To Mathew Carey
Mount Vernon June 25th 1788
Although I believe “the American Museum” published by you, has met with extensive, I may say, with universal approbation from competent Judges; yet, I am sorry to find by your favor of the 19th that in a pecuniary view it has not equalled your expectations.1
A discontinuance of the Publication for want of proper support would, in my judgment, be an impeachment on the Understanding of this Country. For I am of opinion that the Work is not only eminently calculated to dissiminate political, agricultural, philosophical & other valuable information; but that it has been uniformly conducted with taste, attention, & propriety. If to these important objects be superadded the more immediate design, of rescuing public Documts from oblivion: I will venture to pronounce, as my sentiment, that a more useful literary plan has never been undertaken in America, or one more deserving public encouragement. By continuing to prosecute that plan with similar assiduity and discernment, the merit of your Museum must ultimately become as well known in some Countries of Europe as on this Continent; and can scarcely fail of procuring an ample compensation for your trouble & expence.2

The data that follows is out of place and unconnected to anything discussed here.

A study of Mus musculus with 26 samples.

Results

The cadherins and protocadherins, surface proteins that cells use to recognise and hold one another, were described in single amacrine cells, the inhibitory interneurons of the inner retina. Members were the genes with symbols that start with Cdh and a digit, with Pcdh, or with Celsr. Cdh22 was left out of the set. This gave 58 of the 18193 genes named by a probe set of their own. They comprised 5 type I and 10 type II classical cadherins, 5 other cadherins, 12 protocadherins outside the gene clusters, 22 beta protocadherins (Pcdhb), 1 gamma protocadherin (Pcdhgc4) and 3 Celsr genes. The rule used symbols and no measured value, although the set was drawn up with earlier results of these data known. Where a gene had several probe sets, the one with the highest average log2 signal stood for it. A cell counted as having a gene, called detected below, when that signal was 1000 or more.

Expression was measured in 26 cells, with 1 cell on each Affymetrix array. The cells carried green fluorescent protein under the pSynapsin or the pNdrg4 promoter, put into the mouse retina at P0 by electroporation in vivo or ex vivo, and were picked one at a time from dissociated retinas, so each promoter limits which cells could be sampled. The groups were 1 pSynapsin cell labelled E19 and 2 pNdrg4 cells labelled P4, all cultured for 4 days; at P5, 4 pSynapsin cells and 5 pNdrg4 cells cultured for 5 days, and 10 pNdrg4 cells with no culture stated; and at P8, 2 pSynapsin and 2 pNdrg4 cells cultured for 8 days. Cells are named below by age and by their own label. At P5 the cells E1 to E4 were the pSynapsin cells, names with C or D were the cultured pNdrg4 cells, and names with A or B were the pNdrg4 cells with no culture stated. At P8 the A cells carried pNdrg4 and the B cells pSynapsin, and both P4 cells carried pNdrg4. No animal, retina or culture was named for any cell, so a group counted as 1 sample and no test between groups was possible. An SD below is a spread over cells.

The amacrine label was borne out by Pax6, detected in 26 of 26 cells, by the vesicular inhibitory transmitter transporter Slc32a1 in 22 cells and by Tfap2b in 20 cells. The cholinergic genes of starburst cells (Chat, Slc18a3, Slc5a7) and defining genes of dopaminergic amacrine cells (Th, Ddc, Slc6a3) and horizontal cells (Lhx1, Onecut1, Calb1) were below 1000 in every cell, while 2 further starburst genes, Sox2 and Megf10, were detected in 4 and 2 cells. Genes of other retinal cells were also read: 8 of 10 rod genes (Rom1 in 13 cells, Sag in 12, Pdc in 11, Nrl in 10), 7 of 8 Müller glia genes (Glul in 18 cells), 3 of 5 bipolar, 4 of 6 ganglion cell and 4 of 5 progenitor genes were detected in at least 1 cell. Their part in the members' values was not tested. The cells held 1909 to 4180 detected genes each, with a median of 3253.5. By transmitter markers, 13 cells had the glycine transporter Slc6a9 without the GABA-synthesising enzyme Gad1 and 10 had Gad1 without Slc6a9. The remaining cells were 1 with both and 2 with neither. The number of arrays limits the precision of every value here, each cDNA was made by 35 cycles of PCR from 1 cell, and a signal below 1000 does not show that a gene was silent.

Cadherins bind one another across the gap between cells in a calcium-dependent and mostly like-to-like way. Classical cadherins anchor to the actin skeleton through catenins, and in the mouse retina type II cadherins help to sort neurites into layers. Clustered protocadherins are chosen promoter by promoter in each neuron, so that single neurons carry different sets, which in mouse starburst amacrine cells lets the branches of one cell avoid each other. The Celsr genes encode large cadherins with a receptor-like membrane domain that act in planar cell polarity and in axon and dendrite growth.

For my self, I entertain an high idea of the utility of periodical Publications: insomuch that I could heartily desire, copies of the Museum and Magazines, as well as common Gazettes, might be spread through every city, town & village in America—I consider such easy vehicles of knowledge, more happily calculated than any other, to preserve the liberty, stimulate the industry and meliorate the morals of an enlightened and free People. With sincere wishes for the success of your undertaking in particular, and for the prosperity of the Typegraphical art in general3 I am—Sir Yr Most Obedt & Most Hble ⟨Serv⟩t
ALS, PHi: Lea and Febiger Collection; LB, DLC:GW.
2. In September 1787 when in Philadelphia attending the Constitutional Convention, GW paid Carey for the second volume of the American Museum, which Carey published in Philadelphia between 1787 and 1792. GW at that time also paid 10 shillings for a six-month subscription to the Columbian Magazine, from July through December 1788 (receipt signed by William Spotswood, n.d., CSmH).
3. GW sent this under the cover of the following letter to Carey, also dated 25 June: “Sir, I enclose herewith a letter, expressing very fully my sentiments of the merit & utility of your Publication—with liberty for you to make whatsoever use you shall think proper of it. If my opinion would be of any avail with the public, I believed this might be a more eligable mode of communication, than by confining it to a simple & formal Certificate and one which is preferd by Sir Yr Most Obedt &ca Go: Washington” (ALS, NN: Miscellaneous and Personal, M. Carey; LB, DLC:GW). Carey later quoted from the letter in advertising the American Museum (see General Advertiser [Philadelphia] 4 Feb. 1794).